I got my first BlackBerry about three months ago. I decided to get one because a journalist convinced me how useful they were and Orange made me an offer I couldn't refuse - an almost free phone in exchange for a reasonable monthly subscription.
Immediately I was hooked. Gmail works beautifully on BlackBerry and for the first time in years I was able to get on top of my inbox. I found myself dealing with emails on the street, in corridors, in the cinema, in meetings, even in bed. It's also great for updating Twitter.
I would feel a sense of pride in having dealt with the latest influx of messages and found myself looking excitedly for that little red light to start flashing, announcing the arrival of new emails. Other activities seemed to pale into insignificance. At this stage the idea this being addicted never once crossed my mind - just as a heavy drinker may overindulge for years before admitting he may have a problem.
BlackBerry's little keyboard is wonderful. One Saturday I went to a school where my boy was part of a public speaking contest and I typed in his speech. I also wrote my first article for Huffington Post on it.
But the best thing about the BlackBerry is its instant messaging service, a form of text messaging that is completely free between BlackBerry users - wherever they are in the world. I was in constant contact with my BlackBerry wielding brother, who works in Pakistan and lives in Portugal.
And then I got into an overcrowded train and suddenly it was gone. The honeymoon was over. For a moment I felt completely lost, as if someone close to me had just died and I was experiencing the shock before the grief set in. Fortunately this moment of shock passed rapidly and I never progressed to the withdrawal or anger stage. I told myself "It's just a damn phone, I will go to the Orange shop and get another one."
But the people at Orange were unsympathetic. Gone were the friendly words of advice they had used to get me to sign their wretched two year lease and out came the real price list. And the starting price was now about £500. My love for BlackBerry was rapidly turning sour and I left the shop with the cheapest and simplest Nokia I could find.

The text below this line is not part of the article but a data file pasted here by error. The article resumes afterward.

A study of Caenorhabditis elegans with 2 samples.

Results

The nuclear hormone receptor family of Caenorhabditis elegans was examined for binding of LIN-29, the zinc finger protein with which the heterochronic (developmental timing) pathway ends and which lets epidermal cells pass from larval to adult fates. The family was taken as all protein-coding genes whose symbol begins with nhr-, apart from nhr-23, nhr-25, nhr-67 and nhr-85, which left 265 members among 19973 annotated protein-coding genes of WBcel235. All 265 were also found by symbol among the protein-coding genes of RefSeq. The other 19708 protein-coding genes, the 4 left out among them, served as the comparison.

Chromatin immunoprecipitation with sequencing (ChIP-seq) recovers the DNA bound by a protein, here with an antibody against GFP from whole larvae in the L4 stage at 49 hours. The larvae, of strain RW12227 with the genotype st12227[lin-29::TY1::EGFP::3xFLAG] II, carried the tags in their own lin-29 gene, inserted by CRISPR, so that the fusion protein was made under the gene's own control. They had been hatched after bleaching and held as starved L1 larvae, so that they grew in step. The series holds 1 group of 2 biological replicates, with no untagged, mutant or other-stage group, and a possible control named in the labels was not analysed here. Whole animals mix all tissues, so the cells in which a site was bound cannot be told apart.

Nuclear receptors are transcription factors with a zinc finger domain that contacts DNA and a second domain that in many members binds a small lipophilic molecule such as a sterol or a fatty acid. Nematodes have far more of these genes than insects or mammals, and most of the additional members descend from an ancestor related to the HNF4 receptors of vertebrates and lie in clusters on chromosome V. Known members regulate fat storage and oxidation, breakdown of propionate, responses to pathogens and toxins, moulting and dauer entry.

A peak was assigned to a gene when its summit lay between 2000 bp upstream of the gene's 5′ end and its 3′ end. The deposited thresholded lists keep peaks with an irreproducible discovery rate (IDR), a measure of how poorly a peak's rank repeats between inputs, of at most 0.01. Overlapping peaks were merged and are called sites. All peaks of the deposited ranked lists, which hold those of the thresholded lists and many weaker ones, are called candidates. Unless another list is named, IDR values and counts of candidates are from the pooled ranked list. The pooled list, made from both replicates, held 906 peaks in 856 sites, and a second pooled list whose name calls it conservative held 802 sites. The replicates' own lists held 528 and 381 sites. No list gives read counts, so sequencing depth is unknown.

Then a few things happened that made me realise that perhaps I was being dragged into a vortex of addiction. I was compelled to get a replacement BlackBerry with the energy of a desperate addict. I'm sure I could find someone who had an old model lying around. I wrote to friends, I asked around, I advertised in newsletters.
I still don't have a BlackBerry but now several weeks have passed and so has the compulsion that I simply must have one. I've become quite attached to the bog-standard Nokia (no camera, no bluetooth, no data cable, no internet) and now realise that simplicity was the secret to Nokia's success - before the iPhone pulled the rug from beneath them. I feel like an alcoholic who discovers - with a sense of amazement - that tap water is the best drink in the world.
What really got me thinking was that a couple of close friends said "whenever I talked to you recently you would be typing on your BlackBerry". I tried denying this but what really worried me was that I don't even remember doing it (surely I'm not so rude as to type when you talk to me?). I asked a therapist at the alcohol & drug rehab clinic where I work if forgetting things like this is a feature of addiction. He smiled knowingly as if to say "what a silly question, of course it is."